FEBRUARY 2, 2005

From all the books you have written, do you have a favorite?

My own personal favorite of all my books, both historical and contemporary, is
Beyond Eden.

At what point in time did you realize that writing was the "thing for you"?

I realized it really fast, since I am not stupid, when the editor called me at my office on Wall Street three days after I sent her The Autumn Countess and offered me a three-book contract. Sometimes there's luck and then there's luck, nor was the novel bad.

What advice would you give to someone interested in becoming a writer?

To everyone, young or old, who wants to be a legitimate, bona-fide writer, I offer this advice- SIT DOWN AND WRITE EVERY DAY. Be disciplined. Never procrastinate. Read voraciously. Join the appropriate genre organization. And for heaven's sake, have some fun.

What is the name of your favorite mystery movie?

The Cove would be my favorite mystery movie, as soon as the dolts in Blah Blah Land make it and make it well, which would have to mean that I have full authority over everything they do. Now, is that a Hollywood dream or what?

What other authors do you enjoy reading?

Dick Francis is my favorite author in the known universe. Also ensconced on my special book shelves, there's a lot of Jayne Ann Krentz, Linda Howard, John Sanford, Nelson DeMille, Jacci Reding - okay, is everyone bored yet? There are lots and lots.

Is there anyone, in particular, who influenced you?

I grew up reading Regency author Georgette Heyer and Gothic novelist Victoria Holt.

What led you to write mysteries?

I'd say that regardless of the genre I'm writing, a good 80% of the books have mysteries in them, whether they're funny or deadly serious.. My brain just seems to work that way. The twistier the plot the more it suits my brain.

Do you read reviews of your books?

Only if they're good. The publisher is forbidden to ever send me a negative review.

How would you like to be remembered?

As being funny.

What do you believe is the highlight of your career so far?

Being invited to speak at the White House with Mrs. Bush at the National Book Festival in October, 2003.

Do you write on a fixed schedule?

I'm at my computer answering fan mail (email) at about 6:30a.m. Hopefully I'm ready to begin work writing at 7:30. I write my best in the morning, so this works. I go until about 11:00 and that's it for original writing for the day unless there's a time crunch in the schedule, which happens. Believe me, when there's a looming deadline, any time of the day is just fine, thank you.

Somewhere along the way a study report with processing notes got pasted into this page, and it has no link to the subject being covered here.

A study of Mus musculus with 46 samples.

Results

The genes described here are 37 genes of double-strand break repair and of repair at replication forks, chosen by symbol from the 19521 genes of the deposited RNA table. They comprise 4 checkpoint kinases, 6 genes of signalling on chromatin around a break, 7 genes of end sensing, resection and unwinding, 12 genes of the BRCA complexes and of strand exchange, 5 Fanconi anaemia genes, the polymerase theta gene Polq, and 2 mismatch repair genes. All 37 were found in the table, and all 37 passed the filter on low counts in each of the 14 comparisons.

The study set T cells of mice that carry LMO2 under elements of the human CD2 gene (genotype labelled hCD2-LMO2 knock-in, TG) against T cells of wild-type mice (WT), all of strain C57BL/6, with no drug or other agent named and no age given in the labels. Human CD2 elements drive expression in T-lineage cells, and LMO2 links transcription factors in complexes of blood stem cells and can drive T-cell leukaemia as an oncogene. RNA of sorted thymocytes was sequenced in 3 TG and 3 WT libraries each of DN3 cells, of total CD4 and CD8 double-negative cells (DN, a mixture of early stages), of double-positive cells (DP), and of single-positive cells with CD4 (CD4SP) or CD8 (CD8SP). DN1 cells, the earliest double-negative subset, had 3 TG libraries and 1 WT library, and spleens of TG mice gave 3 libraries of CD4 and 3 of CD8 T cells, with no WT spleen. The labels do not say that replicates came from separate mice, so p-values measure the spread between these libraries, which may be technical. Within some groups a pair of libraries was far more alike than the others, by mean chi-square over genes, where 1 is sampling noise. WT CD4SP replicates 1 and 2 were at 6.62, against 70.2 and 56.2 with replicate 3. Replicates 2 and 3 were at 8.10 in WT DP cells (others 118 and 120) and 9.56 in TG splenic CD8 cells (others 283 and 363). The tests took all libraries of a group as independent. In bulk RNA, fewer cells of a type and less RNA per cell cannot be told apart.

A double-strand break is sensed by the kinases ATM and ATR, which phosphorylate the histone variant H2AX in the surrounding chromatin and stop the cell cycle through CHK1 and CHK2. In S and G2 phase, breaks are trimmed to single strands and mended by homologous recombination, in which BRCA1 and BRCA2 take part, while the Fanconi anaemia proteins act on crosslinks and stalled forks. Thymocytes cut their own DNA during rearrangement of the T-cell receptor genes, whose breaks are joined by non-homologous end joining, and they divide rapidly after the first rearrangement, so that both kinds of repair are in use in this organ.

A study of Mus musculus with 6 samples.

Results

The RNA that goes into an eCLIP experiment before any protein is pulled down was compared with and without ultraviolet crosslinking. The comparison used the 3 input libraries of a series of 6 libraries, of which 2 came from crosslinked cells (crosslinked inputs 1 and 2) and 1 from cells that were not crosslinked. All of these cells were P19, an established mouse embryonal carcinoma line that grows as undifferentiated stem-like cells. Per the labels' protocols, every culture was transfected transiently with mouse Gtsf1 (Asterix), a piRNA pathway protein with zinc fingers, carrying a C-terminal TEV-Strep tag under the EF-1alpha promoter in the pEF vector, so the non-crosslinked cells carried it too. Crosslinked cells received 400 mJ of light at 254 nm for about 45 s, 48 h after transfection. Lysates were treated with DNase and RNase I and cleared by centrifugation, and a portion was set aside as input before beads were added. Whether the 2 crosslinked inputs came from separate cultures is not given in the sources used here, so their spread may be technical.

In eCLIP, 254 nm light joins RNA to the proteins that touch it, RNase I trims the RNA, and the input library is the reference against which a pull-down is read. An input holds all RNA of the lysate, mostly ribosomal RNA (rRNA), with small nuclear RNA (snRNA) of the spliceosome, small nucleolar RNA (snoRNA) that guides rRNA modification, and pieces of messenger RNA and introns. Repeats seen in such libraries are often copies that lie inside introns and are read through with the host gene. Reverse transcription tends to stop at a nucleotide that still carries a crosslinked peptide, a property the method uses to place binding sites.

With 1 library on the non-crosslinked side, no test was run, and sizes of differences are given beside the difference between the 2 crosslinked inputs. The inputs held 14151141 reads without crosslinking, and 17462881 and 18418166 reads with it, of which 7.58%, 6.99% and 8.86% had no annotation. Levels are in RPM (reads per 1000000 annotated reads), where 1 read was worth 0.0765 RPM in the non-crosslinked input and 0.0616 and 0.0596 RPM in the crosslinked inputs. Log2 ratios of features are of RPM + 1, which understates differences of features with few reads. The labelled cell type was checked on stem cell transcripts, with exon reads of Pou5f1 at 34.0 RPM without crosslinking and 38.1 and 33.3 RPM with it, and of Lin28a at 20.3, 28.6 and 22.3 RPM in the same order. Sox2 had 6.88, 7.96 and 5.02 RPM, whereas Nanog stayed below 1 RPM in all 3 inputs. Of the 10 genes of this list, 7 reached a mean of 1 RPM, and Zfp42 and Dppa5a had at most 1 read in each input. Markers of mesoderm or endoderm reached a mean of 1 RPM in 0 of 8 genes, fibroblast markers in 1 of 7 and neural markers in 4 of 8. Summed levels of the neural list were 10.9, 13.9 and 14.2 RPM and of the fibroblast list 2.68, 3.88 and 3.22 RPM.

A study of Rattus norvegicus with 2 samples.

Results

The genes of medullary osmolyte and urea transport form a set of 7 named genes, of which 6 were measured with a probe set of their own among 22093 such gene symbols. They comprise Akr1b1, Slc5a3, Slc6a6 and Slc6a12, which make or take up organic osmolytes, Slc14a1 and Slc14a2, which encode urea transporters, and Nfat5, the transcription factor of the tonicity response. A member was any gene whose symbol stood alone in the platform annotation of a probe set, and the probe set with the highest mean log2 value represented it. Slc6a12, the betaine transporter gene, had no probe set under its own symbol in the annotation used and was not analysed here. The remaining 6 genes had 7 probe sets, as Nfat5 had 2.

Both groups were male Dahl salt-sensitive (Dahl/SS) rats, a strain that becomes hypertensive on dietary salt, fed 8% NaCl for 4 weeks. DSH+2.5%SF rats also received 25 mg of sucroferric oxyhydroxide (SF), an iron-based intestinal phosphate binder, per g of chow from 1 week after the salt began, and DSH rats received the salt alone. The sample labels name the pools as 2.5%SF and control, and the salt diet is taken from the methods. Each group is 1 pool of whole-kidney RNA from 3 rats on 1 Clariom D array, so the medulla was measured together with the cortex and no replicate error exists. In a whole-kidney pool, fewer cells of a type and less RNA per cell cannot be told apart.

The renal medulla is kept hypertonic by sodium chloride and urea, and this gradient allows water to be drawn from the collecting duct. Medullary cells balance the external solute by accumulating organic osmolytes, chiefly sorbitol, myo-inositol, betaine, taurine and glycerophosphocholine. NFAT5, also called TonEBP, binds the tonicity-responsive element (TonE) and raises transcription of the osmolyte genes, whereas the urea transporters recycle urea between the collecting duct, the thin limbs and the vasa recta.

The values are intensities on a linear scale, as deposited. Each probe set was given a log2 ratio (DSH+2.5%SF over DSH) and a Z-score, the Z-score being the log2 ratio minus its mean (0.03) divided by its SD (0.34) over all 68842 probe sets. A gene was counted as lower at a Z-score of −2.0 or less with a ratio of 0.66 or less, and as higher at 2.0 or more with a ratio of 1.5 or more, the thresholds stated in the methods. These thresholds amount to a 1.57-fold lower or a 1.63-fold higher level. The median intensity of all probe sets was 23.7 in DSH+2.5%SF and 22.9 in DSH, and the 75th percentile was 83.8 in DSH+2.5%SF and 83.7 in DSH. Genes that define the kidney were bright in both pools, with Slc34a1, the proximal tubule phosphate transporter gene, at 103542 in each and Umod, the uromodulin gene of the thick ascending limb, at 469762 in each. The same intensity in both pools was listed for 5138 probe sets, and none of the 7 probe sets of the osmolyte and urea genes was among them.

Do you have a message you would like to give to all your readers out there?

I hope I can continue to please you until I croak over my computer keys.




Catherine Coulter's first novel came out at the end of 1978 when she had just reached puberty. It was a Regency romance because, as any published author will tell you, it's best to limit the number of unknowns in a first book, and not only had she grown up reading Georgette Heyer, but she earned her M.A. degree in early 19th century European history.

Following The Autumn Countess (a Gothic masquerading as a Regency, she says), she wrote six more Regency romances. Her first long historical appeared in 1982, her "baby", Devil's Embrace. She has continued to write long historicals, interspersing them with contemporary novels, beginning with False Pretenses in 1988. These days she writes one contemporary suspense novel a year and one historical romance a year.

She pioneered the trilogy/character-linked series in historical romance. They include: Song, Star, Magic, Night, Bride, Viking, and Legacy. She enjoys series because she doesn't have to say good-bye to the characters and neither do the readers.

In 1988, she first appeared on the New York Times Bestseller List with Moonspun Magic, the third novel of the Magic trilogy. She has continued to hit the New York Times Bestseller List 45 times in a row, as well as USA Today, Publishers Weekly, Washington Post, LA Times, etc. She has 43 million copies in print worldwide.